In April 2015, I coordinated an April Fools’ Day marketing stunt that made The Advertiser‘s list of South Australia’s best pranks.
The reason I want to break it down here is because we did everything that I usually preach in this humble, weekly article. We:
- Started with a simple idea bound to interest our target market
- Used simple tools
- Sacrificed perfection for speed and action
- Used our social networks to spread the ‘fun’
- Reviewed our outcomes
It starts with wrapping a simple idea in a plan
During a meeting discussing plans for promoting Woodville Road and the various businesses and organisations that abound within that precinct, I wondered out loud whether the slower peak hour traffic would let Cotto Espresso take orders near the train crossing and have them ready out the front of the cafe.
Frank Cecere from Cotto supported the idea and when we realised April 1 was close by, we decided to plan a ‘dry run’ of roadside espresso to give regular patrons something to talk about and to get Cotto noticed by would-be patrons.
We scratched out a running sheet which included working out who was needed, what props were required, when shooting could take place and how we were going to unveil the prank on the day.
Use the tools you already have
I am a big believer in urging small businesses to use tools they already have whenever possible.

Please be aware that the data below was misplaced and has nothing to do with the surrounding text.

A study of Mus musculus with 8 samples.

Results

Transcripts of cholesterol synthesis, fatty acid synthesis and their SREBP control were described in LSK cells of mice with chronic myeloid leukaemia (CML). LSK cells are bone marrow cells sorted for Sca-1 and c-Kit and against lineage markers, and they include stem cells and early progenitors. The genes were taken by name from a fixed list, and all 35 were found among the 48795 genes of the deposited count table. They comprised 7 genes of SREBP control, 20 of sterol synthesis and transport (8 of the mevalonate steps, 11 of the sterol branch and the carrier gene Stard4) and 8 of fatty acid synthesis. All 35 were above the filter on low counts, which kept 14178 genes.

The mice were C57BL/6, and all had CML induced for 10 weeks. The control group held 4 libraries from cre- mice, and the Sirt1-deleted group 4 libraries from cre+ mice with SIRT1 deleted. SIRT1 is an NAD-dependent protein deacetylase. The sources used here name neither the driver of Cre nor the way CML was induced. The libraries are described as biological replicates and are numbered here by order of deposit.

Blogging uses your thoughts and images shot on your smart phone, video can be shot and edited on your smart phone, social media marketing can be done on a tablet on your lap while watching telly.
In this case we decided to shoot the experiential video, edit it and publish it all from my iPhone.
Cotto’s in-house photographer, Sam, shot stills, Frank rode in my passenger seat to shoot video while staying out of shot, and energetic staff Declan and Nicole provided the on screen talent.
It was able to all be shot (in three takes) and edited in less than two hours.
Here’s the video:
The story trumped technical perfection
We were all comfortable that leaving the video a little rough around the edges would add to the authenticity.
In your social media marketing, I would encourage you to focus on the idea; if that is strong enough, it will generally carry the day, even when you feel you could have done better.
In essence, we followed the mantra of the late Apple genius, Steve Jobs, whose catch cry was to ‘ship it’ because an idea that is being constantly worked upon and never released can never do anybody any good.
The 90 second video was uploaded to YouTube and directly uploaded to Facebook. And because Twitter can now share video, a 30 second edited version was uploaded there.
I also mentioned directly on Twitter some key media contacts while also using popular hashtags #Adelaide, #coffee and #espresso, which helped disseminate the tweets, like in the one below.
— stevedavis (@stevedavis) March 31, 2015
A storm in a coffee cup
In the end, Cotto customers were talking about this concept of roadside coffee at all Cotto Espresso outlets, a dummy story on the Woodville Road website has been attracting web visitors to learn more about the Woodville Road precinct, and The Advertiser featured it, finishing with this question: why doesn’t this business exist already?
There was no special magic in this stunt. It was simply a story that captured the imagination of the Cotto team because they could see that it was likely to capture the imagination of their target market: coffee drinkers.
It was enjoyable for all involved, producing a stronger bond with existing customers and raising brand awareness of Cotto Espresso with the ‘coffee set’ in Adelaide.
What’s more, with the tools at your disposal and the style of thinking I’ve been sharing on this blog for many years, you could have done this too, with little expense for a lot of buzz.